Islamophobia in Europe By Gwynne Dye - Friday, March 11, 2011

President Nicolas Sarkozy is in a panic as the National Front gains in the polls, for his own core vote is also on the right. He has responded by ordering a nationwide debate on Islam`s place in secular France, and he has made it quite clear which side he is on: he wants no minarets in France, he tells journalists, and no halal food in school canteens. But the new anti-niqab law is the centre-piece of his strategy.
It is a solution to a problem that does not exist. There are around five million Muslims in France, about eight per cent of the population, but only a couple of hundred Muslim Frenchwomen wear the niqab in public. They probably shouldn`t drive, since all that paraphernalia severely restricts their field of vision, but in what sense is their occasional presence in public spaces a threat to society?
In fact, there are probably more British women wearing niqab in my small patch of London than there are French women wearing niqab in the entire country. In Camden Town, I see them in the supermarket, on the bus, in the street — and when I overhear them talking to their husbands or their kids, I notice that most of them have London accents.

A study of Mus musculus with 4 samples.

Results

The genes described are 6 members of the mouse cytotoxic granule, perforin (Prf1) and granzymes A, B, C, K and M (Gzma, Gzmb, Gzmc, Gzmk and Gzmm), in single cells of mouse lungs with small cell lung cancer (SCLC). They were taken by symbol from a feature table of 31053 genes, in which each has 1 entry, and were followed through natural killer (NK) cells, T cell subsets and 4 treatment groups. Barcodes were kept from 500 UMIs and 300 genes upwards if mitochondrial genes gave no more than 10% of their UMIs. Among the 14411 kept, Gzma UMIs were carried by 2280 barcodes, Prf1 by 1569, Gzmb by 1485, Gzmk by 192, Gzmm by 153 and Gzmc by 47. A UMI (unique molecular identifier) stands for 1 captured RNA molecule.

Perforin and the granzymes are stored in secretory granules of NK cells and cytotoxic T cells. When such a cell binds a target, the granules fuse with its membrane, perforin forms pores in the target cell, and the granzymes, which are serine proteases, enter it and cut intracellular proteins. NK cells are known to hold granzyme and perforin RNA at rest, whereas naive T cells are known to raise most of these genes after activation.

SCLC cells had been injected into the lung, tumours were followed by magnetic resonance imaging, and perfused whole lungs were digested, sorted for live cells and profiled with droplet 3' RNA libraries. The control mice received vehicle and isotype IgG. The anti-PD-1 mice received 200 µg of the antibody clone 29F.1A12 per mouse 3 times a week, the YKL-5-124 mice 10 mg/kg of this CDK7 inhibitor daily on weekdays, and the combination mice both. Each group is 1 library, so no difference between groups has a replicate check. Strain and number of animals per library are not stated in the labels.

That`s because most of the niqab-wearers are not immigrants. They are the British-born daughters of immigrants, and the fact that they now appear in public wearing this extreme garb — which was not normally worn by women back in Pakistan, or Algeria, or wherever their parents came from — is part of the crisis that always affects second-generation immigrants everywhere.
The men of the conservative older generation are horrified as their daughters absorb the values of the larger society around them, and try desperately to isolate them from those influences. It was a losing battle for Italian and Jewish fathers in New York a hundred years ago, and it`s a losing battle for Algerian and Indian fathers in London and Paris now.
But these things take time to work out, and in the meantime a tiny minority of British Muslim women wear niqabs, and an even tinier minority of Muslim Frenchwomen. So why would a French government ban women wearing niqab from taking a bus, entering a shop, or even just walking down the street, on pain of a 150-euro ($200) fine?
The right is in the ascendant in French politics, and this has unleashed a wave of panic-mongering over “multiculturalism.” Assimilation of second- and third-generation immigrants is actually proceeding at the normal pace, but in the midst of the process it is possible to believe that the cultural turmoil is leading to a permanently divided society. Most people on the right do believe that.
Whoever can more convincingly claim to have the solution for this imaginary problem wins the right-wing vote, and the National Front is drawing ahead of Sarkozy`s Union for a Popular Movement (UMP). Under the leadership of Jean-Marie Le Pen, the National Front came second in the 2002 presidential election; under the leadership of his daughter Marine Le Pen it could do even better.